Using performance management to promote proactive communications

Using performance management to promote proactive communications


Most business leaders and human resources professionals are familiar with performance management and the importance of good communication in the workplace. However, not so many people understand how the two concepts are linked. After all, they seem rather disparate: performance management is about monitoring how well an employee performs, whereas workplace communication management focuses on the ways in which people share information.

But, approaching these topics separately is problematic. Why? Simply put, performance management isn’t just about measuring key performance indicators and hosting skills development workshops. From a holistic point of view, it’s about improving every aspect of an employee’s work to produce better results, and enhancing your workforce’s communication abilities is part of that.

You can use many of the same tools you use in other areas of performance management to assess and improve communication. These methods can also be tweaked and adapted to meet an organisation’s or individual’s unique needs. Let’s take a look at a few specific techniques and strategies that can be used to encourage better dialogue and proactive communications in any organisation or team setting:

Identify goals and obstacles

As with any other development journey, you need to start at the beginning. Sit down with your team members individually to discover what areas of communication they struggle with, as well as what they want to achieve. For example, one employee might battle with asserting themselves in group settings while another may have difficulty with written communication such as emails. You can do this with questionnaires or surveys.

Create roadmaps

The next step is creating a plan of action based on the objectives and challenges you’ve identified. The strategy for every employee will necessarily be different because every employee has their own communication strengths and weaknesses. For our timid friend, you could find a course designed to help them assert themselves or a program aimed at improving written communication, for example.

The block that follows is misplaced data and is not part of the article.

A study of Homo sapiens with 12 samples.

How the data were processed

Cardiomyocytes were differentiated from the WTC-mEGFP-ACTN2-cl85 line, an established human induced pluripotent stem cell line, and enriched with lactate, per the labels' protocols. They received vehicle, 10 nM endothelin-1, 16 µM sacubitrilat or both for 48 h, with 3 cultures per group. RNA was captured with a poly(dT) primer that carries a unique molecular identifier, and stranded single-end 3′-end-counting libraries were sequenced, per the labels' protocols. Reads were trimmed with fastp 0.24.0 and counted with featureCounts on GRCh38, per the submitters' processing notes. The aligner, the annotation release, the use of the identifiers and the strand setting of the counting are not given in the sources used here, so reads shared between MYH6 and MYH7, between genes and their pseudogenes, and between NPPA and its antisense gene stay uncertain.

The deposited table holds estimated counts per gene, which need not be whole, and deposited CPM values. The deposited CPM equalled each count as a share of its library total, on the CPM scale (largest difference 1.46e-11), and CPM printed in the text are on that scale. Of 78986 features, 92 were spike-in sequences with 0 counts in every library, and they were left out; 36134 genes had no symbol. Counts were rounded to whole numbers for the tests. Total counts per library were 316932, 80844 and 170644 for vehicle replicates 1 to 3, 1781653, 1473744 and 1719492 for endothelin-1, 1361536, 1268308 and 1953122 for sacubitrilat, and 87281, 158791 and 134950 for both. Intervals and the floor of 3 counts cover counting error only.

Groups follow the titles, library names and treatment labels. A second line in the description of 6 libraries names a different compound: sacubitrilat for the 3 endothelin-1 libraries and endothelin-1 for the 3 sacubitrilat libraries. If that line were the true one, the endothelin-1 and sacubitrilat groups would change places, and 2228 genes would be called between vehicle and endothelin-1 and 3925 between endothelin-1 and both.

plan, strategy, mapCreate a roadmap to help you plan communication improvement strategies.

Monitor progress

Like all projects, you’ll need to determine metrics and key performance indicators that will assist you in measuring an employee’s communication development. Along with these, you must hold regular one-on-one check-ins with every team member (ideally weekly) to discuss any new aims they have or problems they’ve encountered. It’s crucial to use this time to offer feedback and guidance to help them overcome any roadblocks.

Implement coaching and training

While improving communication skills largely relies on a great degree of self-awareness, your team members don’t need to embark on this journey alone. You can host group workshops centred on any given aspect of communication (conflict resolution, for example) led by an expert in the field or opt to invest in online skills development courses people can complete individually (the latter is good for person-specific training).

Use multiple review sources

Yes, you’ll have whatever metrics you chose to assess progress. But it’s also a good idea to ask each employee to rate their progress themselves in addition to your objective assessment. You can also ask coworkers to rate each other (anonymously, of course). Peer reviews can be incredibly helpful in getting a comprehensive understanding of an individual’s performance. Just make sure that every employee receives the same set of questions and that the reviews are randomly assigned.

Reward achievements

Positive reinforcement is the best way to encourage your desired behaviour, and rewarding employees who have made strides in their communication abilities is no exception. You can use skills course outcomes or rave reviews from colleagues to recognise employees who have made significant improvements in their communication skills. These can range from an extra half day of leave (paid time off) to a grocery store gift voucher, depending on what your budget allows.

Interested in learning more about performance management? Check out our course, or contact us to discuss how we can assist your team.